Doug Beal, Marv Dunphy, Carl McGown, Hugh McCutcheon 2008 OlympicsToday, I listened to an audio recording of USA Volleyball’s Head Coach Hugh McCutcheon’s Q & A presentation at last December’s AVCA Convention in Kansas City.  A question raised to Hugh was, “How does the world perceive the success of USA Volleyball when it does not have a professional league?”.  Hugh’s response was based on the United States’ culture of “fighting until the end”, competitive advantages, and coaching methodologies.  Of which I agree, but these are small pieces of a larger puzzle.  An Open Source puzzle.

I am reading a book on motivation called Drive by Daniel H. Pink.  The author describes motivation in two ways: Extrinsic and Intrinsic.  Extrinsic motivation is derived from external forces (reward or penalty) to complete a task.  We work, we get paid.  The fundamental culture of the United States has been based on an extrinsically motivated society.  Intrinsic motivation comes from the pure enjoyment, challenge and passion towards a task.  Purely successful parts of our society are intrinsically based.

Example:  The task of creating the world’s online encyclopedia was undertaken by one of the wealthiest corporations with the highest paid programmers, Microsoft (extrinsic), versus a non-profit “Open Source” organization with a bunch of volunteer programmers, Wikipedia (intrinsic).  Who wins?  Have you heard of Microsoft’s Encarta lately?  You could be one of the 200 million people reading this blog on Firefox, an “Open Source” web-browser developed by volunteers.  Your computer network at work is possibly running on Linux, an “Open Source” software running on one in four corporate servers world-wide, or likely on Apache an “Open Source “Web-based software solution that is on over 50% of corporate servers.  Our culture is moving towards an intrinsic based, open source society.  USA Volleyball is already there.

Open Source is a free sharing of ideas.  Wikipedia describes an “Open Source” culture as the creative practice of appropriation and free sharing of created content.  This is exactly what volleyball in the United States has evolved into naturally: a culture as the creative practice of appropriation and free sharing of ideas.  Without a professional league as an external motivator, the culture of USA Volleyball has inevitably become intrinsically motivated to achieve.  The history of USA Volleyball, especially on the men’s side, is this culture.  Jim Coleman, Doug Beal, Marv Dunphy, Carl McGown, Bill Neville, to Hugh McCutcheon have all openly and unselfishly exchanged ideas for the benefit of the good.  When the AVP was in existence, maybe the Top 10 players were able to sustain a living on volleyball alone.  The hundreds of thousands of beach players across the country are a great example of this “free-will” culture.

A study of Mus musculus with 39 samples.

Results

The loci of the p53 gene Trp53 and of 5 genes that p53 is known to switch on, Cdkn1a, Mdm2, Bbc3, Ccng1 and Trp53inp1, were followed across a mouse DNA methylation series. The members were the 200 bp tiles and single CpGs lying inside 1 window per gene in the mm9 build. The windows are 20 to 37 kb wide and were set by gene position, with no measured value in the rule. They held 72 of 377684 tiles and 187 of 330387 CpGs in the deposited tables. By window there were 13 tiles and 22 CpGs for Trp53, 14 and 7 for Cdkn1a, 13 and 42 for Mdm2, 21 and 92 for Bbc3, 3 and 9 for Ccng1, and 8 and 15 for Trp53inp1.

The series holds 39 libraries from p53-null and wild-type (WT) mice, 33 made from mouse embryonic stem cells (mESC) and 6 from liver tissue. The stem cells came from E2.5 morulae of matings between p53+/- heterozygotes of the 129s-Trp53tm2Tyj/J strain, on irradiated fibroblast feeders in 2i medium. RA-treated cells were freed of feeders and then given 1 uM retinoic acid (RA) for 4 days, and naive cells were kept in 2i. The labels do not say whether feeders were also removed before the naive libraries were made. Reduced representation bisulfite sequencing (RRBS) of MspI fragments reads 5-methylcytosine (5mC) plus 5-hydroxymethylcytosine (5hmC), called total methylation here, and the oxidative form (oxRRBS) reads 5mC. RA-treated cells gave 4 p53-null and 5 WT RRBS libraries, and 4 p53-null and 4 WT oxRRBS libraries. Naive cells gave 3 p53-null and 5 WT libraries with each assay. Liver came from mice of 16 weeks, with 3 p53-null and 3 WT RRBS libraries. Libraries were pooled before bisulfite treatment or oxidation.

John Kessel is the epitome of Open Source.  Check out his blog http://usavolleyball.org/blogs/growing-the-game-together-s-blog and look under the “Grassroots” category too.  The amount of information available is overflowing.  All in the name of volleyball, “Growing the Game Together”.

When I speak of USA Volleyball, I am not only speaking of the USA Volleyball organization.  Check out what the AVCA has to offer at the Convention.  Granted there is an entry fee, but the great coaches presenting their ideas and “secrets” are presenting on a volunteer basis.  At one time or another, I have emailed great coaches and they are always open to providing feedback and an open exchange of ideas.  At the last AVCA Convention, Executive Director, Kathy DeBoer, asked members from the audience to stand up that were involved in AVCA committees.  About a third of the audience stood up.  All participants in AVCA committees are volunteers.

At the end of Hugh McCutcheon’s presentation he invited everyone to come to his gym where he always holds open practices to explore and exchange ideas.  Most collegiate team practices are open to the public.  Ex-Ohio State Head Coach, Jim Stone and his for-profit Volleyball Training Solutions is proof that collegiate and club gyms are willing to freely exchange their ideas (these colleges and clubs are not getting kickbacks for allowing Jim to film training sessions).

Not to toot my own horn, but I am one of those volunteer “programmers” disseminating volleyball information through my blog to help expand the game’s reach.  I’m not alone.  Check out Texas Tech Professor Alan Reifman’s blog: VolleyMetrics; Jimmy Peden, USA Volleyball Palmetto Region Commissioner has voluntarily posted a slew of teaching videos on Kudda, and there are hundreds of volleyball association websites that have loads of great content.

As much as we may want a professional league in the United States, without one, it has accidentally forced an intrinsic, open source culture upon United States Volleyball that has made us purely successful.  There are no ulterior motives, but the pure enjoyment, challenge, and passion to play this great game.


  1. Very well written, great perspective. You have an amazing blog. Keep up the good work.

  2. My favorite blog post thus far is an animated video called “Volleyball Parent Meeting” 😉

  3. Both of you are great! =)
    Nice and inspiring sharing coach Chuck!

  4. I love this post! Thank you.

  5. Nice blog! best blog so far!! keep it up!

  6. where can I find a clip of the McCutcheon interview you spoke of?

  7. On the AVCA.org website. If you are a member of the AVCA, you can access it through on the past convention page.

  8. I went to a coaching clinic at Pepperdine and of course Marv Dunphy was the featured speaker. He let us coaches know that his practices were always open to us. He even took us to his office and showed us his file cabinets. He told us we were always welcome to visit him in his office and we had access to all of his files of information – amazing!